11 Oct 2011
As a non-profit organization, Mozilla has a strong commitment to personal privacy and empowerment. But after we released the last update to Firefox Beta for Android, many people started asking us why Firefox needed access to their phone numbers.
Firefox does not access users’ phone numbers, but it was clear that we needed to address this concern. Where did these questions come from? Here’s the first thing users saw when installing or updating Firefox Beta in the Android Market:
The “Phone Calls” permission was added in the last update to Firefox Beta (but has been since been removed, as I’ll explain below). When users installed that update and tapped on “Phone calls” for more information, they saw this:
Why did Firefox Beta ask for this permission? Firefox did not ever access phone numbers, serial numbers, or phone calls. But it did have code to detect the type of network connection: 2G, 3G, 4G, Wi-Fi, and so on. Firefox or add-ons could use this code to change settings automatically based on network type, for example to use less data on mobile networks.
Unfortunately, this required permission to
which also grants access to very sensitive data. We knew this would worry
some users, so we immediately started working on explaining how and why
Firefox uses various permissions. We now have this information on our
support site and will link to it from our Android Market page.
But the reaction to the new permission in Firefox Beta was so strong that we decided to remove that permission completely, along with the code that used it. Now when you go to the Android Market to install Firefox Beta, it will no longer ask to read “phone state and identity.”
Permissions on Android and similar platforms are not perfect, but they do give users some useful tools to protect themselves. When an app requests only minimal permissions, users know it can do only limited damage if it is buggy or malicious. Recent versions of Android also have well-written explanations of each permission to help users make decisions.
But when an app requests lots of permissions, users have a tough choice. They
can grant the permissions, or not use the app at all. This is especially bad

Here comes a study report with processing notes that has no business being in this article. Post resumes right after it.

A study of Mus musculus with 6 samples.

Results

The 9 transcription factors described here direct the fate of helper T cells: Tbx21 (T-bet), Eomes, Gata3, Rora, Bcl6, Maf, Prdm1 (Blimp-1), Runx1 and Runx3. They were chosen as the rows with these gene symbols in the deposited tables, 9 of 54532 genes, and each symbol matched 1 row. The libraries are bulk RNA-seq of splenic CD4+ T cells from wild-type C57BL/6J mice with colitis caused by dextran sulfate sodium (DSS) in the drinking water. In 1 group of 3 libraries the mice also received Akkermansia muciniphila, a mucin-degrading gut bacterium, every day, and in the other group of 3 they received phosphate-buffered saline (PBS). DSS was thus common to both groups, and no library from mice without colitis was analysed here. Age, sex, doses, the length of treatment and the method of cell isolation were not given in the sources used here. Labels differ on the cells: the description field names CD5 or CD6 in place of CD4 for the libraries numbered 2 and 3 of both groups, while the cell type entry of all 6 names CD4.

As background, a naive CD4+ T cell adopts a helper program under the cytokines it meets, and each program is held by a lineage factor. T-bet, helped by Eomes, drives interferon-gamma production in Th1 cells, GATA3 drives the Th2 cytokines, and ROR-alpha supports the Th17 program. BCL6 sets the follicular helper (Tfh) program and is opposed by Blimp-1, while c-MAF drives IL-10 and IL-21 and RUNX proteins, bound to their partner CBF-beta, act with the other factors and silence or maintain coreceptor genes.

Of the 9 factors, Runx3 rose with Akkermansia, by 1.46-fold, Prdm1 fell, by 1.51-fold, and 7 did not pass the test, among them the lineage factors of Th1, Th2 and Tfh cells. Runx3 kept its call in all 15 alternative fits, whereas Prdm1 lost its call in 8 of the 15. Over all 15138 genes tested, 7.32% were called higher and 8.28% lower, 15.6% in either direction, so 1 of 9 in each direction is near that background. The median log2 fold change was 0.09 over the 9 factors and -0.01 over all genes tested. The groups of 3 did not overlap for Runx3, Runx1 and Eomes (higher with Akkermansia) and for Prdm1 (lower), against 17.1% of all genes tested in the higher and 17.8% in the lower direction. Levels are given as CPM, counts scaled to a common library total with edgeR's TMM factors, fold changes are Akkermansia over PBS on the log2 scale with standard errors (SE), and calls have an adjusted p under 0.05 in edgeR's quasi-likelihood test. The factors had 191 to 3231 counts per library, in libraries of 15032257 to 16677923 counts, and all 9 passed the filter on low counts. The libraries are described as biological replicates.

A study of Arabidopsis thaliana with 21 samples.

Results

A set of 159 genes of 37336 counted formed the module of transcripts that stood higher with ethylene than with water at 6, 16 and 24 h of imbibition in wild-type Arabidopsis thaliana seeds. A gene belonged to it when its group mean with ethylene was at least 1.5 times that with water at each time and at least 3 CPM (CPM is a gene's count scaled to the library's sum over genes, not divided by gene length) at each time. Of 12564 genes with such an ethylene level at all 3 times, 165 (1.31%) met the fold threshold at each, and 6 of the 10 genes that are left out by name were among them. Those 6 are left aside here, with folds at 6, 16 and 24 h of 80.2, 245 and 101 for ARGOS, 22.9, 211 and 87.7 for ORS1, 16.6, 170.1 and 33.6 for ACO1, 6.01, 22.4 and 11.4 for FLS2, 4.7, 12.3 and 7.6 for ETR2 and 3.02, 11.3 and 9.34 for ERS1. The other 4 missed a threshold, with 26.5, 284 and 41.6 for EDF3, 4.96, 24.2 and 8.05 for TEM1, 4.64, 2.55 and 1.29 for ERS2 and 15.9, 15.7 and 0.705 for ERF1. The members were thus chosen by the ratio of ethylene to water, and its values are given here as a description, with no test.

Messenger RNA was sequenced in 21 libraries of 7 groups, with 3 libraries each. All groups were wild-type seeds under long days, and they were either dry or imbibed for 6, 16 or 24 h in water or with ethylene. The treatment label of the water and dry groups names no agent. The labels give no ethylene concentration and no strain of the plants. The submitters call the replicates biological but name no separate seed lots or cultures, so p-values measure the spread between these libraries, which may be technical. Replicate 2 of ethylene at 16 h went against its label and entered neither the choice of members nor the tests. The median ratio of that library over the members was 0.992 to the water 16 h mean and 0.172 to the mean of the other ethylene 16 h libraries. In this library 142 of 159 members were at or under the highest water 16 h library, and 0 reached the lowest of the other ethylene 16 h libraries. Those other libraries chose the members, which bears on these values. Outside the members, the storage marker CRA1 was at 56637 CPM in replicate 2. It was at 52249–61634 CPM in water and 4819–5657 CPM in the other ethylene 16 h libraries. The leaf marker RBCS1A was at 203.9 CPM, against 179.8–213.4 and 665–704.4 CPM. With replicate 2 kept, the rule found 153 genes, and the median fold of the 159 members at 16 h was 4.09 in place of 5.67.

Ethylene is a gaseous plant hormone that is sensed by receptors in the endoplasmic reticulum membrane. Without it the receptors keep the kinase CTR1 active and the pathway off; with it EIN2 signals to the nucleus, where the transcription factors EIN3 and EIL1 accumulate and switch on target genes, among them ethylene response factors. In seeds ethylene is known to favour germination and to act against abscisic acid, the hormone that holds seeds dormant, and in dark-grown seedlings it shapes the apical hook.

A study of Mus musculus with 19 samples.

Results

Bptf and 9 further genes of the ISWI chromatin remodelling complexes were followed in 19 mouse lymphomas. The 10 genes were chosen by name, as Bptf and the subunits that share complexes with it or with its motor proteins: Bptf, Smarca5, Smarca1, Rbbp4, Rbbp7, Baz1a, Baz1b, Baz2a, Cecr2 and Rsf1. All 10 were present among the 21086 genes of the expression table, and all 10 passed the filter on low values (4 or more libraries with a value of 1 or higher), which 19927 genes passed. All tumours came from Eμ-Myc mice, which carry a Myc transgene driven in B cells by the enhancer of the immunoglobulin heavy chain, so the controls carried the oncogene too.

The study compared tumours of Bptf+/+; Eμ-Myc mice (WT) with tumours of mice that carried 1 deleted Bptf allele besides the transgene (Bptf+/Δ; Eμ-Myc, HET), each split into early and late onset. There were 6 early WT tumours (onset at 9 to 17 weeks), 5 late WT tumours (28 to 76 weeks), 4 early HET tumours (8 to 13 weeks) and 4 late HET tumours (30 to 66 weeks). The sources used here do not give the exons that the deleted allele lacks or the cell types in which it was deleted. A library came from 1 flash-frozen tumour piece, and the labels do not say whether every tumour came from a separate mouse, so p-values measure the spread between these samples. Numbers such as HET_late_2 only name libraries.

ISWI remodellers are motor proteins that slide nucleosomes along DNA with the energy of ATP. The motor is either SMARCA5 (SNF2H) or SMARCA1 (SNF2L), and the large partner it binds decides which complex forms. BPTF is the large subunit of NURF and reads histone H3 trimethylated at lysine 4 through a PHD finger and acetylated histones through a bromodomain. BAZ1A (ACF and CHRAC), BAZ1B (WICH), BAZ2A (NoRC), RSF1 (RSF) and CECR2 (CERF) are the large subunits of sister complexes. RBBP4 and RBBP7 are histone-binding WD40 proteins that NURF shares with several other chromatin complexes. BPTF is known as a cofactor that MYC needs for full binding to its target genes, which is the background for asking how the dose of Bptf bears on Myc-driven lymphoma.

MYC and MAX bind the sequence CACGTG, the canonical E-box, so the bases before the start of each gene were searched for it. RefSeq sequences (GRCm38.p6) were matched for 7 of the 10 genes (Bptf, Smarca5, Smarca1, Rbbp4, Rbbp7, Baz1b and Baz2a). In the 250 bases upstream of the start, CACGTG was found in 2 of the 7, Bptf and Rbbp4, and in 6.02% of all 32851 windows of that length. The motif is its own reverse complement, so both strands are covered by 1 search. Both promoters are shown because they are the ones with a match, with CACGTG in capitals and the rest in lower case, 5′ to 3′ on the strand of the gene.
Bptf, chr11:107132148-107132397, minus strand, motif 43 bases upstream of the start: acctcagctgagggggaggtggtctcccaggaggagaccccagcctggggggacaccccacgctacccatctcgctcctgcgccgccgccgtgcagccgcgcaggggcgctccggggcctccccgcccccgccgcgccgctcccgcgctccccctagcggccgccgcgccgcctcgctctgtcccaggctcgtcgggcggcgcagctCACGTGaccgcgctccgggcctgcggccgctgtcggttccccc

for permissions like
READ_PHONE_STATE that are needed for some reasonable
features but also provide access to sensitive data. Eventually, most people
probably get used to granting whatever permissions are requested, especially
for apps like Facebook and Netflix that provide unique access to popular
Making permissions finer-grained might help (for example, separating “Read phone number” from “Read connection type”), but would also mean longer lists of permissions. That could make users even less likely to read and understand them. Explanations from developers can also help, but only if users trust them to tell the truth. Allowing users to grant or deny individual permissions (perhaps only at the time the app needs them) might help too, or it might just train users to always grant permissions so that apps will stop nagging them.
Aside from these overall design issues, there are also bugs in the developer documentation, and a bug that causes old permissions to stick around even after updating to a new version that doesn’t need them. These little bugs make it harder for developers to do the right thing. Some researchers at UC Berkeley have analyzed the Android source code to produce tools and documentation that fill in some of the gaps for developers.
The good news is that some users are paying attention, and those users make things better for everyone by pressuring developers (like us!) to remove invasive permissions. If you’re one of the Firefox fans who wrote to us about the new permissions in Firefox Beta, thank you! We appreciate it.